By Ros Satar, at Wimbledon

  • On Sunday, Novak Djokovic will face first time Wimbledon finalist Kevin Anderson as he bids for his fourth Wimbledon title
  • Five reasons why he will emerge victorious on Sunday
WIMBLEDON, UK – On Sunday, Novak Djokovic will look to cement his comeback to the tour after injury and surgery by winning a fourth Wimbledon title

 

Experience

This is not Novak Djokovic’s first rodeo – this is his 22nd Grand Slam final and he has a 12-9 win-loss record. He has won three of his four previous finals and he knows what it takes to deal with the occasion and conditions.

Take nothing away from Kevin Anderson. The rangy South African has made his second Slam final within 12 months and there is absolutely no doubt that he too is heading in the right direction of being Slam contender for the future.

 

Djokovic’s War of attrition was considerably less

Sure, Djokovic and Rafael Nadal had to play a semi-final over two days thanks to the lengthy first semi-final between Anderson and John Isner, but Djokovic has spent five hours less on court and has not had to play lengthy five setters twice in a row.

We have seen in the past that those catch up to you – Andy Murray struggled to keep pace with Djokovic in his Roland Garros final after being taken the distance early in the competition. Anderson has existed on adrenalin – but Djokovic will be that much fresher coming in.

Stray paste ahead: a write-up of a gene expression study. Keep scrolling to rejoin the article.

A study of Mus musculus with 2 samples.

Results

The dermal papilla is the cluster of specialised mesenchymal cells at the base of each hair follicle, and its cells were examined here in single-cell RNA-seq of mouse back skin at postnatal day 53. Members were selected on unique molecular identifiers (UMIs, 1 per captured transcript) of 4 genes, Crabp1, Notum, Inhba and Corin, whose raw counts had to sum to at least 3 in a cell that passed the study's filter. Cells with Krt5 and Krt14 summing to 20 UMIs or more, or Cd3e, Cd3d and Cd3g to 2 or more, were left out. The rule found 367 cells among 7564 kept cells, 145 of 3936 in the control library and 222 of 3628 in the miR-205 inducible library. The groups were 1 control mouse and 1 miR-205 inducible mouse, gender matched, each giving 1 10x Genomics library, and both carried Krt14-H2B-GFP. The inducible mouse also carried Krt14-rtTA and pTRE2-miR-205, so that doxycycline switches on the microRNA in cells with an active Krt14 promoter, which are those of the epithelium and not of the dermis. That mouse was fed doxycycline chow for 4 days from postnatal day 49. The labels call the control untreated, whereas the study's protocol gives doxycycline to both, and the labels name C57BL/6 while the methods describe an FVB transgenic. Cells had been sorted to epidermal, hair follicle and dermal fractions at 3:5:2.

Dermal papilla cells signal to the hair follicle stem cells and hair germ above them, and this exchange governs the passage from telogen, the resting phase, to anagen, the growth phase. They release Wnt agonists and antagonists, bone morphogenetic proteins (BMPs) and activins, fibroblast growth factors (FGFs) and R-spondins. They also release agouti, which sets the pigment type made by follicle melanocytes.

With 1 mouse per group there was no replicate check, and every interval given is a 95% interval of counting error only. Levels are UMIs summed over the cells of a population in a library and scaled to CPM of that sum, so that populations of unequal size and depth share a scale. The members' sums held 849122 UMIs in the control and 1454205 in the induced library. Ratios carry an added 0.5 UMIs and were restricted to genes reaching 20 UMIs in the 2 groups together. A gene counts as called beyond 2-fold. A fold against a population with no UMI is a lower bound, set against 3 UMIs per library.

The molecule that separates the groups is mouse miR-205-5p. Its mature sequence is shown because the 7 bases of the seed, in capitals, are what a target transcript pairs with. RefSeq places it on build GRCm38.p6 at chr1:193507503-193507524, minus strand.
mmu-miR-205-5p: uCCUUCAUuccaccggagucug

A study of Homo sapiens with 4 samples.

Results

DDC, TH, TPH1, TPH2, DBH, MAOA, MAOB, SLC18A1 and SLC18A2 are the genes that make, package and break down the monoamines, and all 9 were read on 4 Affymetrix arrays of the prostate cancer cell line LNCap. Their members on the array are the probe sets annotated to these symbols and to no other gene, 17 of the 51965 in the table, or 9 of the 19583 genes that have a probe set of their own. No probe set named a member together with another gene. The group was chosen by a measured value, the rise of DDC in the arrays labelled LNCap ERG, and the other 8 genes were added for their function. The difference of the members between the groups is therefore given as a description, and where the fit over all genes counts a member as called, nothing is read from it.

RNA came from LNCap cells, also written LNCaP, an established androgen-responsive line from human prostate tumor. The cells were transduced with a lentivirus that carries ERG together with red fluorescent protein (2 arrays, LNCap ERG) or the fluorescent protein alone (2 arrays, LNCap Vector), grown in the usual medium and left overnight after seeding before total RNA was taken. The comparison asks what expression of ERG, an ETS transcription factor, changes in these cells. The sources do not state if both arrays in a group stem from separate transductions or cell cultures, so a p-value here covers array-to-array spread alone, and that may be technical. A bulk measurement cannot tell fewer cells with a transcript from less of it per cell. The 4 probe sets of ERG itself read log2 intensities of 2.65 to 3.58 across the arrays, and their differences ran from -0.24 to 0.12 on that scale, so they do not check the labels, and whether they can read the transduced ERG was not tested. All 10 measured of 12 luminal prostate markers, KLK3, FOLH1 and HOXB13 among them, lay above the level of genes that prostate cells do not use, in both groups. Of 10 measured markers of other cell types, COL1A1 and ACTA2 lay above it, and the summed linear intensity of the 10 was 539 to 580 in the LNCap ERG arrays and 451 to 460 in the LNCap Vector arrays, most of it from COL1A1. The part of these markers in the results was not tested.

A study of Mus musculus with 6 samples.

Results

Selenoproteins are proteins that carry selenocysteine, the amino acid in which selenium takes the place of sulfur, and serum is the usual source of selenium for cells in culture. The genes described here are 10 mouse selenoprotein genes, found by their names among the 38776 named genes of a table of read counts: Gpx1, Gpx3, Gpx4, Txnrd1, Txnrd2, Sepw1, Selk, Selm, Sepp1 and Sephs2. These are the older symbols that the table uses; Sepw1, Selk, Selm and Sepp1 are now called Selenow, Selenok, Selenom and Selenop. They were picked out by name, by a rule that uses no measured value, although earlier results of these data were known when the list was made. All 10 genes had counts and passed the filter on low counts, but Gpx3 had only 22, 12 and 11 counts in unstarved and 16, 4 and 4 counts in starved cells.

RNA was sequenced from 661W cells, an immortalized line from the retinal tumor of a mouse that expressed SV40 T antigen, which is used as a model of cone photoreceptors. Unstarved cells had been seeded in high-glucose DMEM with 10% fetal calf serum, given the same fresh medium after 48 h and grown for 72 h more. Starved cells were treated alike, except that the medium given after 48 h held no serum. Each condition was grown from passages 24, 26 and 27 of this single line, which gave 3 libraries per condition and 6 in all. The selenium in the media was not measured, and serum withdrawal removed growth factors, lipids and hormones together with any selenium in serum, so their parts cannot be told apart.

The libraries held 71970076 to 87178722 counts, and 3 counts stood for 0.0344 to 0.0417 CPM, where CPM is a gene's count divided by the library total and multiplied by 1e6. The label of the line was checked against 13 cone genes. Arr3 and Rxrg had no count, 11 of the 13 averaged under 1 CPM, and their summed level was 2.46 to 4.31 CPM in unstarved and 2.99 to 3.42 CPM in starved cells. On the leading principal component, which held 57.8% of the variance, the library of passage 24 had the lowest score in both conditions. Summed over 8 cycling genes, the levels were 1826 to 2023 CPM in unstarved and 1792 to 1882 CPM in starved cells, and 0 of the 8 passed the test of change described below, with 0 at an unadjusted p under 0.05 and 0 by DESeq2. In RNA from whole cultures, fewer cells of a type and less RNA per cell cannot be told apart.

Unfinished business at SW19

We have seen a return to the feisty Djokovic of old, roaring at winners, barking at his box and a move away from the zen like qualities and boy oh boy has it been working. Who cares whether the crowds sipping their Pimms think it is simply not the done thing? Djokovic is in the final and having bowed out of Wimbledon last year with the injuries that have caused him issues this season, it is time to get some closure.

 

POLL – Who will win the Gentlemen’s Singles title?

 

Still targets to reach

There is no reason why Djokovic cannot continue to chase down the enviable slam records of both Nadal and Federer. He came to realise just how much he missed tennis when he was away from the sport (indeed like many of his contemporaries) and there is longevity in his career.

 

Then there were three

The Big Five have dwindled, that is true as injuries have struck all of them, with lengthy absences off the court. We can argue that the future of the ATP still have some catching up to do as the last man to break that stranglehold between Djokovic, Nadal, Murray, Stan Wawrinka and Roger Federer was Marin Cilic. Since the Australian Open 2015, one of the Big Five has walked off with the trophy-ware, and since 2017 the Slams have been shared between Federer and Nadal. It’s time or two to become three as Djokovic reintroduces himself into the mix.

 

The Gentlemen’s’ Singles final takes place on Sunday at 2pm.